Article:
Perceived Quality of an Intermediary and Its Relations with Image and Perceived Value: An Insight from the Case of Airline Alliances

Perceived Quality of an Intermediary and Its Relations with Image and Perceived Value: An Insight from the Case of Airline Alliances

Vikrant Janawade (Côte d'Azur University, France)
Copyright: © 2017 |Pages: 31
DOI: 10.4018/978-1-5225-2133-4.ch015

Whilst globalisation has offered a fertile ground for businesses to offer several services from all sides of the compass, it appears that this landscape has attracted new avenues for service provisions and transactions. All these aspects have resulted in dramatic shift in consumers' purchase decision making process. This research presents some insights of customers' perception of quality offered by intermediaries working in networked environments. The principal hypotheses are that, after experiencing services delivered by an intermediary, customers synthesise their perceptions, in terms of the quality perceived. Furthermore, this assessment will determine its image and the perceived value. A quantitative survey was conducted in an airline alliance context, to verify if the hypotheses are acceptable. A structural equation modelling tested using the PLS-SEM method demonstrates the influence of alliance wide perceived quality on airline alliances' image and perceived value.

In the last few decades, services marketing audience have witnessed an evolution in marketing approaches. Literature suggests that marketing practices have observed a gradual shift from a product oriented approach (Shostack,1977) to customer oriented approach (Sheth et al., 2000), before shifting their focus to relationship centric approach (Gronroos, 2004). However, in recent years, the focus has further expanded from dyadic relationships to a broader network centric approach (Gummesson, 2008a; 2008b). These sorts of engagements are observed in service systems (Maglio and Spohrer, 2008), service eco-systems (Vargo and Lusch, 2010), value networks (Lusch et al., 2010), service constellations (Van riel et al., 2013) and intermediaries (Spulber, 1996) such as logistics service providers (Hingley et al., 2015).

Whilst dynamics of contemporary business landscapes are changing, several businesses are looking for opportunities to enter international markets. Many of them employ different market entry modes such as joint ventures, subsidiaries, franchising, exports, licensing or strategic alliances (Lu and Beamish, 2006; Hill, 2015). However, some use intermediaries (Lukinskiy and Lukinskiy, 2015) for facilitating exports (Ha and Dyer, 2015), subsidiary operations (Kim et al., 2005; Suarez-Porto and Guisado-Gonzalez, 2014) and strategic alliances (Song and Regan, 2001). Albeit, employment of intermediation can be beneficial for exploiting international markets (Andersson, 2002) through a large network of logistics service providers (Rodrigue, 2012). However, the decision to employ a proper intermediation strategy in foreign markets can vary contextually. Businesses which intend to sell products through external sources may use export intermediaries (Bernard et al., 2015), whilst others use their subsidiaries as the means to promote their products globally (Suarez-Porto and Guisado-Gonzalez, 2014). However, businesses which intend to circumvent regulated markets (Varadrajan and Cunningham, 1995) and pursue cost reductions through joint service operations may choose strategic alliances (Hill, 2015) or multi-lateral strategic alliances (Gudmundsson et al., 2002).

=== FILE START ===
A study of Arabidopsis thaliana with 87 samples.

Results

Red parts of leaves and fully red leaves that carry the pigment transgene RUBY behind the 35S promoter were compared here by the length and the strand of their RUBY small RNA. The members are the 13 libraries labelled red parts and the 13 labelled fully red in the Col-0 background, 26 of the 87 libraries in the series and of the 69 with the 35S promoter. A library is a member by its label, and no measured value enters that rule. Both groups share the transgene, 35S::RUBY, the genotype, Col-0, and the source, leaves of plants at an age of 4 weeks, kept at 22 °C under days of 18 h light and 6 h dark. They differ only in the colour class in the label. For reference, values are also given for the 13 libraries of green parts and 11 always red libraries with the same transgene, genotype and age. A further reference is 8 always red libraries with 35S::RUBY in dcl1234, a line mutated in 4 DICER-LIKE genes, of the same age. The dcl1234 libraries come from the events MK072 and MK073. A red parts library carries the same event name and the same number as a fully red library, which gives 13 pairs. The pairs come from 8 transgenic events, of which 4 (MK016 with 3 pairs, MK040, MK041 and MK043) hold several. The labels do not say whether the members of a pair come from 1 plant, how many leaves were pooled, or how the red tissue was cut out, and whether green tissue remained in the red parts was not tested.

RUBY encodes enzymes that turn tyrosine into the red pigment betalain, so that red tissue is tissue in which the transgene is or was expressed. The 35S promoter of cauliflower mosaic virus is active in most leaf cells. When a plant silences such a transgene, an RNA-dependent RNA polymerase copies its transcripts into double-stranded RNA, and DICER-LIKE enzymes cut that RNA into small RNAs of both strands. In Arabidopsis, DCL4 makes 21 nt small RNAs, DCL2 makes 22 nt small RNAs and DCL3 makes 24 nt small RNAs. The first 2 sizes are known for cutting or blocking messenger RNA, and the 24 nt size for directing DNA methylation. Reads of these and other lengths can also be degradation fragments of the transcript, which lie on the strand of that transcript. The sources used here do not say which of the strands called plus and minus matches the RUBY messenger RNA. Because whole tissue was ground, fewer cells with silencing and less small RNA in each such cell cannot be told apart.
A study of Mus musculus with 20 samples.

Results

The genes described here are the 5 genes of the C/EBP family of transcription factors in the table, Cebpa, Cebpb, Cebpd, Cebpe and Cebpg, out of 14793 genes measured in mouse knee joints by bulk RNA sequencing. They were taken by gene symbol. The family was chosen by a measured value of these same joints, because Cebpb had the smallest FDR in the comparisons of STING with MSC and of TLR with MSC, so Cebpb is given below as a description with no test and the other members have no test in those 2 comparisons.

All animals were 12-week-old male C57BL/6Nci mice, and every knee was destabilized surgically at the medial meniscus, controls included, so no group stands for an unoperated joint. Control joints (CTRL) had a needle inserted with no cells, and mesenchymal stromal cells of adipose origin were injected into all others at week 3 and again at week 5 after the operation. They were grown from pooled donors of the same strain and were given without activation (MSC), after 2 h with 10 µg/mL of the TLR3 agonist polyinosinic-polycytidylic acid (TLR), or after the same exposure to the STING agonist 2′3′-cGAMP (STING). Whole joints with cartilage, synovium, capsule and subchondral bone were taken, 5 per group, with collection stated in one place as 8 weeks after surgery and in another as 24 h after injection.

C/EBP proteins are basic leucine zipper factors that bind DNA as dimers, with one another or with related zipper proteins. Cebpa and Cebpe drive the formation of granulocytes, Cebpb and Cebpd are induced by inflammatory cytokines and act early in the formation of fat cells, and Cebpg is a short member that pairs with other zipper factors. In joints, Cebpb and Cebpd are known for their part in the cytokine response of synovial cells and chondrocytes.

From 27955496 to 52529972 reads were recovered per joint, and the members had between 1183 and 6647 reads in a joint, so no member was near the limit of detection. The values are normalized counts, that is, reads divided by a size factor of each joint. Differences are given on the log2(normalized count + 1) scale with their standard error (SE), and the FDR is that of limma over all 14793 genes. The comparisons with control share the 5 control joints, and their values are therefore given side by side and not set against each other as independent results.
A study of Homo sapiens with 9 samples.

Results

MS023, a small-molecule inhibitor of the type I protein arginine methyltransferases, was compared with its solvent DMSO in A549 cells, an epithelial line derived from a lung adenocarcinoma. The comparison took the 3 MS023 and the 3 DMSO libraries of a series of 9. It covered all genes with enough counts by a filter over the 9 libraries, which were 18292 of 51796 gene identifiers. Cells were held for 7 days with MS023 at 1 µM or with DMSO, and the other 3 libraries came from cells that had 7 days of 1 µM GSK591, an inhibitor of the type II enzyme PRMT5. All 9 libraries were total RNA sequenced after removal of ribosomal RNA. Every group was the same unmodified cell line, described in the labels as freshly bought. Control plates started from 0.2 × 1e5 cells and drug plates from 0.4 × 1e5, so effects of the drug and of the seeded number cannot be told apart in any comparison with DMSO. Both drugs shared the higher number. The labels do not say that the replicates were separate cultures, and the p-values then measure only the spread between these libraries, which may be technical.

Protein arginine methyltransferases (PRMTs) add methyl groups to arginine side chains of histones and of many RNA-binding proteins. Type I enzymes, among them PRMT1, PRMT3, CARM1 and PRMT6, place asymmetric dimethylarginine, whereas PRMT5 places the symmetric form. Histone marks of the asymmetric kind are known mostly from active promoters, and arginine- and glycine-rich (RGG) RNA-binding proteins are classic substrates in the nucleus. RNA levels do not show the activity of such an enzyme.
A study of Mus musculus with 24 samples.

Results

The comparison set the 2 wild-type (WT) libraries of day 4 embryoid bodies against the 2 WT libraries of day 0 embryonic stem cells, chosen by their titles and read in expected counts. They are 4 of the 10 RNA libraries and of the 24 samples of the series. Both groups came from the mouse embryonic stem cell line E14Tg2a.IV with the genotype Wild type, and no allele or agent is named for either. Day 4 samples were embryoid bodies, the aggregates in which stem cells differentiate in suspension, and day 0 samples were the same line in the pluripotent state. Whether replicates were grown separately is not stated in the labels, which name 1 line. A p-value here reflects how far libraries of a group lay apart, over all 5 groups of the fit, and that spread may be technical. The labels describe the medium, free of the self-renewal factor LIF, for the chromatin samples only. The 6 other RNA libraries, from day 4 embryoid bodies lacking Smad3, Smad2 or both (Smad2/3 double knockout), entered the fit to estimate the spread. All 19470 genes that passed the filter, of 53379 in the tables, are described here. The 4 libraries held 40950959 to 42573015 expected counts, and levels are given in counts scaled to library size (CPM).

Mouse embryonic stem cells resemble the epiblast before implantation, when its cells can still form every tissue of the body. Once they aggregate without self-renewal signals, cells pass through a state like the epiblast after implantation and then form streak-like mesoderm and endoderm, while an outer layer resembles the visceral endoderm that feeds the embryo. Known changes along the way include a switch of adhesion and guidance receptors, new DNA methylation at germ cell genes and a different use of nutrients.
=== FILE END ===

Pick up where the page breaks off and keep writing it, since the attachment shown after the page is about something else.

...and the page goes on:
Although, studies related to intermediaries have been conducted in several international contexts and especially in logistic operations (Rodrigue, 2012), this study will focus the discussions about intermediaries through the lenses of strategic airline alliances. Intermediation through strategic alliance offers not only a good view of the economic advantages of operating in several countries simultaneously, but it also offers a global landscape to address its complex roles in providing synergetic services to world-wide customers (Saglietto, 2009). From an economic perspective, strategic alliances can offer businesses not only an opportunity to offer enlarged services through their networks (Varadrajan, 2012), but it also helps them to develop their downstream marketing aspects such as channel management and distribution (Andersson, 2002; Varadrajan, 2012).